Everyday maths 1 (Wales)
Everyday maths 1 (Wales)


4 Area

Area is the amount of space a flat shape takes up. You need to be able to calculate area if you ever need to order a carpet for your house, buy tiles for a kitchen or bathroom, or calculate how much paint to buy when redecorating.

This patio has paving slabs that are 1 metre square (each side is 1 metre). How many paving slabs are there on the patio?

Described image
Figure 20 Paving slabs

Area is measured in ‘square’ units. This means that the area is shown as the number of squares that would cover the surface. So if a patio covered with 18 squares that are 1 metre by 1 metre, the area is 18 square metres.

(If you count them, you will find there are 18 squares.)

Smaller areas would be measured in square centimetres. Larger areas can be measured in square kilometres or square miles.

You can work out the area of a rectangle, like the patio above, by multiplying the long side by the short side:

width × length = area

The patio is:

6 × 3 = 18 square metres

‘Square metres’ can also be written ‘sq m’ or ‘m2’.

Example: The area of a table

Fran sees a rectangular dining table she likes. It measures 2 m by 1.5 m. What is the area of the table?

Described image
Figure 21 A dining table


To find the area we need to multiply the length of the table by the width:

2 m × 1.5 m = 3 square metres

So the table is 3 m2.

Activity 9: Area of a rectangle

Complete the following table by calculating the missing areas without using a calculator. You will have looked at methods for multiplying whole numbers and decimals [Tip: hold Ctrl and click a link to open it in a new tab. (Hide tip)] in Session 1. Show your answers in correct square units.

LengthWidthArea in square units (centimetres, metres, kilometres)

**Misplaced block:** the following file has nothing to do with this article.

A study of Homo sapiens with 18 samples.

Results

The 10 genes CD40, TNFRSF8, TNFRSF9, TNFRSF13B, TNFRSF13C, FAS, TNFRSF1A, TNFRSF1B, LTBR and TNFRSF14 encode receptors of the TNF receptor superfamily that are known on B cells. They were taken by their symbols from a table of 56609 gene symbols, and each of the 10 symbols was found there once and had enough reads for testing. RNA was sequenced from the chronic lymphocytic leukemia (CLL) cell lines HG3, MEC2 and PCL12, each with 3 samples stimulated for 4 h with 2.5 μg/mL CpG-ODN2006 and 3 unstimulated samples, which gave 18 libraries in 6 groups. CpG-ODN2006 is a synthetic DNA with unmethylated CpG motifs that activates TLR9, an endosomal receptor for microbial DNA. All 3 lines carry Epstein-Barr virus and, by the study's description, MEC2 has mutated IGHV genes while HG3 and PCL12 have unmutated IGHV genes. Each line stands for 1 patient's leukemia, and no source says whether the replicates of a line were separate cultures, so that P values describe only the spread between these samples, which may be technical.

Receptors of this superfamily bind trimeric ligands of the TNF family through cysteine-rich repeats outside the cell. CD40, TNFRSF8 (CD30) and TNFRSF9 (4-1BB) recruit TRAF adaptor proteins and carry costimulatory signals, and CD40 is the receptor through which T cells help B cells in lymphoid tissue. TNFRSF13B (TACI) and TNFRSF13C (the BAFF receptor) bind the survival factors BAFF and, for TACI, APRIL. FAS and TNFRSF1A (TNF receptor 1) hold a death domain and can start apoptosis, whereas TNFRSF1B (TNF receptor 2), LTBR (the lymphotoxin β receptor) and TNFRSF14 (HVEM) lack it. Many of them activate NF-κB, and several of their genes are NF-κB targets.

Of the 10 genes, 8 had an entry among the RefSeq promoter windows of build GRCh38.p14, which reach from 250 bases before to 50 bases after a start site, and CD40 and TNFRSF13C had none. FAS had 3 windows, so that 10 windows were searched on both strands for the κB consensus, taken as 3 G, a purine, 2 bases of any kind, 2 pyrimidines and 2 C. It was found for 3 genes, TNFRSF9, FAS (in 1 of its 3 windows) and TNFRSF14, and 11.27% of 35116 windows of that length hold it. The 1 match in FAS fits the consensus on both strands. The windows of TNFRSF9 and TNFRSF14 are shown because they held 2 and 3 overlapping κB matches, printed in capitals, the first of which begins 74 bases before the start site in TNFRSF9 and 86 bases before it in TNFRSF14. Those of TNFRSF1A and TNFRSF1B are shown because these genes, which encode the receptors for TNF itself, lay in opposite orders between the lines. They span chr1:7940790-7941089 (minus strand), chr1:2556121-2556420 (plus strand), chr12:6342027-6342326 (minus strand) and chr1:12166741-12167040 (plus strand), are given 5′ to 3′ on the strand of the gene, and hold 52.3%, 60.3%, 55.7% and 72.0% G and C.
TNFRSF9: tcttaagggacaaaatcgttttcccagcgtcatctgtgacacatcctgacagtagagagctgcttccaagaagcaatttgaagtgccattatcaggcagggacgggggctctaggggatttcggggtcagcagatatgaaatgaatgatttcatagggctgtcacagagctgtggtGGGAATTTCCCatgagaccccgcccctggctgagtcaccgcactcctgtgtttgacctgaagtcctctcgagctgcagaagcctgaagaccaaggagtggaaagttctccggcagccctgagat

80 cm30 cm
80 cm30 cm2 400 cm2
7 m4 m28 m2
2.5 km2 km5 km2
5.5 m2.4 m13.2 m2

Hint: Always use the same units for both sides. Sometimes the length and width of the rectangle will be given in different units. They must be in the same unit before you can calculate area, so you may need to convert one side to the same units as the other side.

Example: The area of a rug

How much backing fabric is needed for this rug?

Described image
Figure 22 A rug


To find the answer, you need to work out the width multiplied by the length.

  • 90 cm × 3 m = area

First, you need to convert the width to metres so that both sides are in the same units. 90 cm is the same as 0.9 m, so the calculation is:

  • 0.9 × 3 = area = 2.7 m2

Now try the following activity. You need to carry out the calculations without a calculator, but you can double-check your answers on a calculator if needed. If you need a reminder about how to multiply whole numbers or decimal numbers without a calculator, please look back at Session 1 first.

Remember to check if you need to convert the measurements before calculating the area.

Activity 10: Finding the area

  1. How much plastic sheeting do you need to cover this pond for the winter?
    Described image
    Figure 23 A pond
  2. One bag of gravel will cover half a square metre of ground. How many bags do you need to cover this driveway?
    Described image
    Figure 24 A driveway
  3. A biologist is studying yeast growth. In the sample area shown below in purple the biologist found 80 yeast. What would go in the missing spaces in her recording sheet, as marked with a question mark?
    Described image
    Figure 25 A petri dish

Yeast count

Sample area no. 21
Date17 October
Yeast count80
Sample dimensions? cm × ? cm
Sample area? cm2
  1. How large is this area of forestry land?
    Described image
    Figure 26 A forest


  1. The plastic sheeting needs to be:

    • 2.5 × 4 = 10 m2
  2. First you need to work out the area of the driveway:

    • 8 × 4 = 32 m2

    If each bag covers half a square metre, you will need two bags for each square metre:

    • 32 × 2 = 64 bags
  3. First you need to change the width to centimetres. 25 mm is the same as 2.5 cm. Then you can work out the area:

    • 2.5 × 4 = 10 cm2

    There are 80 yeast, so the amount of yeast per square centimetre (yeast/cm2) is:

    • 80 ÷ 10 = 8 yeast per cm2

    The recording sheet should look like this:

Yeast count

Sample area no. 21
Date17 October
Yeast count80
Sample dimensions2.5 cm × 4 cm
Sample area10 cm2
  1. The area of forestry land is:

    • 4.5 × 2 = 9 square miles


In this section you have learned how to work out the area of a rectangular shape.